Today I was absolutely exhausted when I finished work – but I had planned on going to Flywheel, where one of my favorite instructors teaches on Thursday nights. It’s a rare Thursday night that I’m in Dallas, and I love Kelly’s class, so I forced myself to go. Surely it would be fine once I was there in the class right?
Sadly not. My legs were weak and wimpy and not having it, and while I had gone into the class hoping that I would have a magic reprieve of energy, I knew by the third song that it wasn’t an “on” day for me. But that’s okay. Not every class has to be record setting, and not every race has to be a PR – even if we’d like them to be.
Have you ever noticed that when you’re having a tough time with something, people will tell you to “take a deep breath”? For me, that works if I’m actually crying, since it interrupts the hiccuping and whatnot. But if I’m struggling with a tough hill in a spin class, or working on a challenging spreadsheet at the office, it’s not the breathing in that I neglect. (Trust me, in that first example I’m sucking in wind like crazy.) It’s the breathing out.
I think it was the Insanity workout videos that first taught me the important of breathing out. Shaun T told the audience to take one big huff of a breath out – and then keep going with the workout. Surprisingly, it worked. Exhaling really deeply seemed to somehow energize me and allow me to keep going. I’ve used those big deep huff breaths in many athletic endeavors since – when I’m scaling a tough hill in a marathon, or trying to win the 30 second in-class race at Flywheel. Breathing out deeply in one big exhale seems to clear my mind, focus me, and give me an extra boost that helps me go my hardest.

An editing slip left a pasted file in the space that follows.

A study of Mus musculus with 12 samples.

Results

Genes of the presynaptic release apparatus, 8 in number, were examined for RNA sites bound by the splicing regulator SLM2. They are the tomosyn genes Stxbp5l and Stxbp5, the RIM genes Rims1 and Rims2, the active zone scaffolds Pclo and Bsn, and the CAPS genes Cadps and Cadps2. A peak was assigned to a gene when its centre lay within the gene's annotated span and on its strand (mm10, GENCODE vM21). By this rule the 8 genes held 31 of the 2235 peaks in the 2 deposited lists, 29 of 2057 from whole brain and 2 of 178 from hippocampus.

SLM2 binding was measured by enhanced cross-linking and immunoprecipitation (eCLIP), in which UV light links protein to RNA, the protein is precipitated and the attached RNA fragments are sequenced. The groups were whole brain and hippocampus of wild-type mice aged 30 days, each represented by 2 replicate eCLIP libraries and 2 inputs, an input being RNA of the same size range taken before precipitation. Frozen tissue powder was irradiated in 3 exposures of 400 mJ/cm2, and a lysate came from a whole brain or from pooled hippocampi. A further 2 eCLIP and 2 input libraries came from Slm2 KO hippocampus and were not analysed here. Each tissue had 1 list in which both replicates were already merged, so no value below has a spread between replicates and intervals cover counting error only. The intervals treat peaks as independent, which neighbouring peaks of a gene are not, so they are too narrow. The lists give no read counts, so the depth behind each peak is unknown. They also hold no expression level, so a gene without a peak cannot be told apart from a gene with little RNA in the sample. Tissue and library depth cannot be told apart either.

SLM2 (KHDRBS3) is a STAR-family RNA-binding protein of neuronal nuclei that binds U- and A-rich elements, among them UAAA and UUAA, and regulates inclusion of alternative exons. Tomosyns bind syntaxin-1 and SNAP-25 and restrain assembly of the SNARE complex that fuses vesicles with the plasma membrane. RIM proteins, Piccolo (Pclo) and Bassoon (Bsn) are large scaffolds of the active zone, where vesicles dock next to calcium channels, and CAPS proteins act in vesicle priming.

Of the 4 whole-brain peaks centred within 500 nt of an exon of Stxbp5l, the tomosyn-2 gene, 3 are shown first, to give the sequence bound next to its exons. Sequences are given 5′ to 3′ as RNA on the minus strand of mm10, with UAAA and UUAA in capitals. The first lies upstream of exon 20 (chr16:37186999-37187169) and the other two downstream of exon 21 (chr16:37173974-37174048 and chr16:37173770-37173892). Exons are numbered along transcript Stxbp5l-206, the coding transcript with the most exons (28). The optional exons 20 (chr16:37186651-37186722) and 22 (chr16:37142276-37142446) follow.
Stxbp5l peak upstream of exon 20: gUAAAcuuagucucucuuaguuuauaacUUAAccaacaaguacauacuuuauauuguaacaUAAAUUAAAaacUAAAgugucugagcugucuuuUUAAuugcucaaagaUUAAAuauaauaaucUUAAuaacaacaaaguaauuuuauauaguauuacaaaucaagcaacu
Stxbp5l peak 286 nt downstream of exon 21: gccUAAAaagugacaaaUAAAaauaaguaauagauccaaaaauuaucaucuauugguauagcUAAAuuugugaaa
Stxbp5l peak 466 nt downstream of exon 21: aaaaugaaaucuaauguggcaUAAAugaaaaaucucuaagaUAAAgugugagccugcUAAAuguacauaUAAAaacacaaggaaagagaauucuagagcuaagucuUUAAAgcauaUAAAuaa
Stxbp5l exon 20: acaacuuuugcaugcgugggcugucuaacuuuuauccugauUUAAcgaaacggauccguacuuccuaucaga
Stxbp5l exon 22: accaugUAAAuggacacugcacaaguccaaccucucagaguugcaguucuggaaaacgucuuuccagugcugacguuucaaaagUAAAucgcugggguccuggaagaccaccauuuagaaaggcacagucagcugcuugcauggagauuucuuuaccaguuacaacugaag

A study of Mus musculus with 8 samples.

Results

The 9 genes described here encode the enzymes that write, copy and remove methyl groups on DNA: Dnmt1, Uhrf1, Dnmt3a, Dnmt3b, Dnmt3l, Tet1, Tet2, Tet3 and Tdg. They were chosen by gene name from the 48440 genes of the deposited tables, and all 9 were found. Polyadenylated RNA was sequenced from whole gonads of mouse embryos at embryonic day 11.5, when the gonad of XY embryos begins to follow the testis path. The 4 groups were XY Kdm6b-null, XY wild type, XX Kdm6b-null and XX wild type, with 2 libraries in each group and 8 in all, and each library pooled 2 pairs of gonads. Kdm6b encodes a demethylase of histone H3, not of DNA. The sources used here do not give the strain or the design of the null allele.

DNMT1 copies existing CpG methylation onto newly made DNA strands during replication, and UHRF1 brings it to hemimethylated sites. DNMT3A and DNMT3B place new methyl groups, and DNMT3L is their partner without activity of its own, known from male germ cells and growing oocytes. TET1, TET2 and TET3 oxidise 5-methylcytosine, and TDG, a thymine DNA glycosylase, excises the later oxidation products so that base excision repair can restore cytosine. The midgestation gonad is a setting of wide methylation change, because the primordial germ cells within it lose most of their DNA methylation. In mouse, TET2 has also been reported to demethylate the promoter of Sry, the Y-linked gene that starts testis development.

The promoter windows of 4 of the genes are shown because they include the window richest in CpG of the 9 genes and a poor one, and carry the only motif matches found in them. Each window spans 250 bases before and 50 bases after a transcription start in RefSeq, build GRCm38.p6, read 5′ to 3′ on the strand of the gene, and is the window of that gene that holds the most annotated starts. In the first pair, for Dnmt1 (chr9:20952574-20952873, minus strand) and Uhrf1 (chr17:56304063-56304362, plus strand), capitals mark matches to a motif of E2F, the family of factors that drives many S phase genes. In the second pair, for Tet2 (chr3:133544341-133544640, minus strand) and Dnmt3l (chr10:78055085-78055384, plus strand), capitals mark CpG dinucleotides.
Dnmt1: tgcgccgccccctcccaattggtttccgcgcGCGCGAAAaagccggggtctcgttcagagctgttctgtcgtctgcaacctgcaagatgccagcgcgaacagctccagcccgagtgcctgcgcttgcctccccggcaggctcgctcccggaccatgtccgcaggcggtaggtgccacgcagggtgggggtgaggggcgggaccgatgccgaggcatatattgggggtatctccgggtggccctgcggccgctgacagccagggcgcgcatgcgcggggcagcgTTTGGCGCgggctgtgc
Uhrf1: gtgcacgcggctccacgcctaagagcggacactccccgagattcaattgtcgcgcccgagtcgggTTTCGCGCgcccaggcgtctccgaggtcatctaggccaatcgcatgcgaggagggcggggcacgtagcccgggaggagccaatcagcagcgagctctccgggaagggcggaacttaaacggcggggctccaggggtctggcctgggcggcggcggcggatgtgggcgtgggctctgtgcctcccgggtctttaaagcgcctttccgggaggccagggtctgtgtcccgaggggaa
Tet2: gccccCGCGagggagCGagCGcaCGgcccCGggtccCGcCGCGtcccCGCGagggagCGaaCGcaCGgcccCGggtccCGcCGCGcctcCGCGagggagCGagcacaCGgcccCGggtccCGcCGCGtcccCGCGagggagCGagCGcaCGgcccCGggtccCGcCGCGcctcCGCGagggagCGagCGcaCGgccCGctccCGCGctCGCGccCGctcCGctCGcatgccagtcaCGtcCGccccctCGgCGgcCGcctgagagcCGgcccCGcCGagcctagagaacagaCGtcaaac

Since then, I’ve seen the advice to breathe out repeated other places as well, and it seems to keep popping up all over the place – like this Ben Greenfield Fitness podcast that reminded me that breathing out is even more important than breathing in. According to one article, even swimmers have a lot of trouble breathing out – despite the fact that breathing is one of the first things you’d think you have to master in order to do strokes like crawl, breaststroke, and butterfly. Apparently I’m not the only one who’s neglecting to breathe out – it’s human nature. Your body doesn’t let you forget to breathe in (try it and you’ll start choking before too long), but you don’t always focus on getting all that stale air out before you take in new fresh air – and that can cause a lot of problems.
When you get tense, you tend to hold your breath and to bottle it up inside like angry emotions. You might not even realize you’re doing it, but your shoulders tense up and your breathing becomes even more shallow as a result. Supposedly, 70% of your body’s natural toxins are released during exhalation – and yet this is the part of breathing that we sometimes pause. Not good! A sigh can express frustration, yes, but a sigh can also be cathartic and help us to re-energize and move forward.
As I’ve been getting overwhelmed with various challenges lately, I realized that not only am I literally forgetting to breathe out, but I’m metaphorically forgetting that too. If you keep trying to breathe in but you never release any of the old air, your lungs run out of room and you just can’t do it anymore. Similarly, I continually take new things on and add things to my life – but I’m not releasing the old stuff that will clear the way for the new. I forgot to breathe out.
With all the hype these days about running on air, which focuses on rhythmic patterns of in and out breaths, let’s not lose sight of the fact that breathing is actually quite simple. Whether you use a 5-2, a 3-1, or a 2-1-1-1 pattern, it’s fundamentally the same: air in, air out. But those two parts are both important, no matter how long their duration or cadence! You can’t jump to the counting breaths and coordinating footfalls until you’ve really, truly remembered to start breathing out.
Back at Flywheel tonight, whenever I started struggling on the sprints and hills I huffed a big breath out, as deep as I could. It helped me to clear my mind and refocus on my current goal (doing well in the class) instead of daydreaming. I was very pleasantly surprised to find out at the end of class that I got my second highest Flywheel score, and I think a lot of it had to do with remembering to breathe out. It’s amazing how powerful an exhale can be!